NS&I premium bonds – what are your investment alternatives?

The combination of two £1million monthly jackpots and a government-backed guarantee can make a compelling argument for investing in NS&I's premium bonds.

Rather than paying interest like a savings account, premium bond holders are entered into a monthly draw for tax-free cash prizes ranging from £25 to £1 million. Each of the NS&I bonds costs £1 and you can invest between £100 and £30,000, rising to £40,000 from 1 June 2014. The bonds are protected by a government guarantee and you can cash them in at any time.

However while NS&I's premium bonds can undoubtedly provide a fun alternative to a savings account for children or grandchildren, the odds of winning are so low that they may not stack up as a serious long-term investment.

What are the odds?

According to National Savings the odds of any £1 premium bond winning a cash prize is 24,000 to one, while the odds of winning the jackpot are an unlikely 44 billion to one. This compares with a one in 14 million chance of winning the main National Lottery ‘Lotto' draw.

NS&I points out that the prizes paid to bondholders equate to an equivalent interest rate of 1.5% - compared to some savings accounts this doesn't look too bad. However it is a figure that should be taken with a pinch of salt – a lucky few will earn a rate way in excess of this, but you could get back far less.

Government backed safety

Historically the government guarantee that protects bondholders' money has been a major attraction for cautious savers but even this should no longer provide a reason to invest in the NS&I bonds with the Financial Services Compensation Scheme protecting the first £85,000 in any UK savings account (twice that in joint accounts).

The alternatives

For savvy savers there are numerous alternatives to premium bonds. While they won't offer any chance of a life-changing windfall, they will provide a steady income, something National Savings cannot guarantee. The more you have to invest and the more risk you are prepared to take, the more you stand to earn.

Savings accounts

Only cash on  deposit can be regarded as ‘safe' as premium bonds in so far as you won't see the value of your holding fall and – depending on the account you choose – you can have instant access to your money.

So long as interest rates remain so low, savings accounts are never going to give your money a dramatic boost, nonetheless they are the only sensible option if you need short-term access to your cash or can't afford to see its value fall. Maximise returns by chasing the best rates and making the most of your annual ISA allowance to ensure all interest is paid tax-free.

Find the best cash Isa or savings account for you

Corporate bonds and gilts

Fixed interest securities are loans to companies – in the case of corporate bonds – or governments - in the case of gilts – which pay interest in return over a certain duration.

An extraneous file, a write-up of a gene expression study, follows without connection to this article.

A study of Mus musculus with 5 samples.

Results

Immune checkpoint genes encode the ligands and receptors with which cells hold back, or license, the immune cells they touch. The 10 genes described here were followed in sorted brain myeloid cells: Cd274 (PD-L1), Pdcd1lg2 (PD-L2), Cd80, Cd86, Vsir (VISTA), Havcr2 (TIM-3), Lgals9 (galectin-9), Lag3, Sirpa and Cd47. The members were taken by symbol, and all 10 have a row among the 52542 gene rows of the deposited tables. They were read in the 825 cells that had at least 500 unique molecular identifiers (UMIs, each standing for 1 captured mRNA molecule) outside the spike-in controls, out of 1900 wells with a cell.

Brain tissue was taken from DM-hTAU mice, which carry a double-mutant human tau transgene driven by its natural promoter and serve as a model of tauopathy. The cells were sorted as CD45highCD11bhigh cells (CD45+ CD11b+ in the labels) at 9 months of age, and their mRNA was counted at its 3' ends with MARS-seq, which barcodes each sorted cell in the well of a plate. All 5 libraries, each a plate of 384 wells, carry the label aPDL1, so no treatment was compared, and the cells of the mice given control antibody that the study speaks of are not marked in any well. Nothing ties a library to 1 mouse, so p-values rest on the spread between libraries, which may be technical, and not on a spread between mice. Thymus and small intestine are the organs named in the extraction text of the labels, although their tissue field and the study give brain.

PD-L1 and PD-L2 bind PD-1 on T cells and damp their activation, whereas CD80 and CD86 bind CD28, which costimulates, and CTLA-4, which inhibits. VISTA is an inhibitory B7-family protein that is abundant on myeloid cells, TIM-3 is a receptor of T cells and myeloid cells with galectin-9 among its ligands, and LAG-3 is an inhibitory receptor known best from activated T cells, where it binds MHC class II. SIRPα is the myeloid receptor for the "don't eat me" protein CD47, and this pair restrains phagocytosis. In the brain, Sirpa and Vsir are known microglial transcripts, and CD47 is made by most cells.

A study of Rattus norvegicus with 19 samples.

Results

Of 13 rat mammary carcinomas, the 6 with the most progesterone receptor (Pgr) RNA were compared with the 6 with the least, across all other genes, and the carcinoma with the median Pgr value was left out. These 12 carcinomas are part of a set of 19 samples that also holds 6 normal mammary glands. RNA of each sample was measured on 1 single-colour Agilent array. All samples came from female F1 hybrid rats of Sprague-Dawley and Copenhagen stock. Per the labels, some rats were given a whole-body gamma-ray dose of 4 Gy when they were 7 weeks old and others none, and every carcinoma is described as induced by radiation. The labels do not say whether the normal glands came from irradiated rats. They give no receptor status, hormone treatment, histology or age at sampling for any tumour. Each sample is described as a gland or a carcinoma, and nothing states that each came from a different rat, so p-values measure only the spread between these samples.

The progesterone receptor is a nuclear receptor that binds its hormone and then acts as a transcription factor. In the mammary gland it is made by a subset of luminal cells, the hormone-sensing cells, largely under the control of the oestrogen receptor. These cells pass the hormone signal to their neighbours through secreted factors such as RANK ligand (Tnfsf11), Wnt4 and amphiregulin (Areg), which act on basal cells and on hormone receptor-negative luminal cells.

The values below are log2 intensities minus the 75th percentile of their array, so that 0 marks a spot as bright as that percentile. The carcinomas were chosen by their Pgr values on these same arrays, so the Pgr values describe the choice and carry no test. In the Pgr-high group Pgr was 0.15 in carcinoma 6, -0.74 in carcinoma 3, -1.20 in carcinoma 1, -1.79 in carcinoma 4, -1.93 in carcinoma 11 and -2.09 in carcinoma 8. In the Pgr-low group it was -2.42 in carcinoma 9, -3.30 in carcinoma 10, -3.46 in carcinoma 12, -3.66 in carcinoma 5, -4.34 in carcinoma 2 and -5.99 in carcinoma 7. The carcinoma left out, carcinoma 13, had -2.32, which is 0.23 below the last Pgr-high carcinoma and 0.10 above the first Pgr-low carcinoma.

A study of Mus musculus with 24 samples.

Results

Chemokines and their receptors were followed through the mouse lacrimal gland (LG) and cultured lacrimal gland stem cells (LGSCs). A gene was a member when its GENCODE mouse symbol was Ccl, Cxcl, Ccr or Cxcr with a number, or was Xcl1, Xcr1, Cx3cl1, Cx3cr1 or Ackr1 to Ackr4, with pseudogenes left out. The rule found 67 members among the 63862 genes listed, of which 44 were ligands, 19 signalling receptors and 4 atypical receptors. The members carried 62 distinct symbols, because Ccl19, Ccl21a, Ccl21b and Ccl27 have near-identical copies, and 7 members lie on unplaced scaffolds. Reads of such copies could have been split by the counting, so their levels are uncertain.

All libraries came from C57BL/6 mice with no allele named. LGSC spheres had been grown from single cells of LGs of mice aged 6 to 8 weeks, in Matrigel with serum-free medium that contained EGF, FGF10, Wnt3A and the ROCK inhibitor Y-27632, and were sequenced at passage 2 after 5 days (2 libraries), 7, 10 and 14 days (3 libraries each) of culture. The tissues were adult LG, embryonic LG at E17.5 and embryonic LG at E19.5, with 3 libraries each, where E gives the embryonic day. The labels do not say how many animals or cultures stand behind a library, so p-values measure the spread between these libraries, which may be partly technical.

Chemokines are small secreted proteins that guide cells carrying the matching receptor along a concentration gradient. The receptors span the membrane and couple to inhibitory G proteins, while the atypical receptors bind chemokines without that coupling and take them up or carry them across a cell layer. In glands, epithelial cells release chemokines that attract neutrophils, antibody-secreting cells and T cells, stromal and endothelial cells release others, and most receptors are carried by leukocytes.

Bond funds pool your money along with that of other investors to invest in a variety of fixed interest securities.

Traditionally corporate bond funds have been regarded as a lower risk investment and in recent years they have performed well for investors, generating an income in the region of 5-6%. However Patrick Connolly, head of communications at IFA Chase de Vere warns that this position is changing. "Prices have been boosted by quantitative easing and by their popularity in recent years, with people prepared to buy them at any price. As a result they are expensive and there is a strong chance that the capital value will fall."

In the current climate he says investors can expect yields in the region of 3-3.5% from investment grade bonds, rising to 6-6.5% with riskier high yield bonds.

Equity income funds

Stockmarkets offer the potential for greater returns – but there is always the risk that the value of your money will fall at some stage which means they are only suited to investors who can afford to tie their money up for at least five to 10 years. This means you have time to ride out the ups and downs.

Equity income funds pool the money of numerous investors and buy shares in dividend paying companies.  "Investors can expect a typical income of 3.5-4% but you would hope for capital growth too," says Connolly.

The majority of equity income funds invest in UK companies, however in recent years more fund managers have launched global and region specific income funds too.

Risks will vary according to the fund and it's remit, those investing in large UK blue chips will be considerably less risky than those focusing smaller companies or emerging markets. The more risk you are prepared to take, the high the potential income you can generate.

Where should I invest?

Diversification is the key to successful long-term investment – when one asset class is performing badly your entire portfolio won't suffer. "The right solution is an investment across all these asset classes in proportions that suit your appetite for risk," advises Connolly.

There's no harm in holding some premium bonds in the hope of a big win – particularly for higher rate taxpayers - but they shouldn't form a part of your long-term savings plan. As Connolly says: "There are no guarantees and you could potentially get nothing back."

Your Comments

Many of us appreciate that the chance of a big win is very small but we are happy to have smaller wins. I'm averaging 1% pa which is not a lot less than the best savings account and I have the entertainment value every month that 'it could be me' for the million.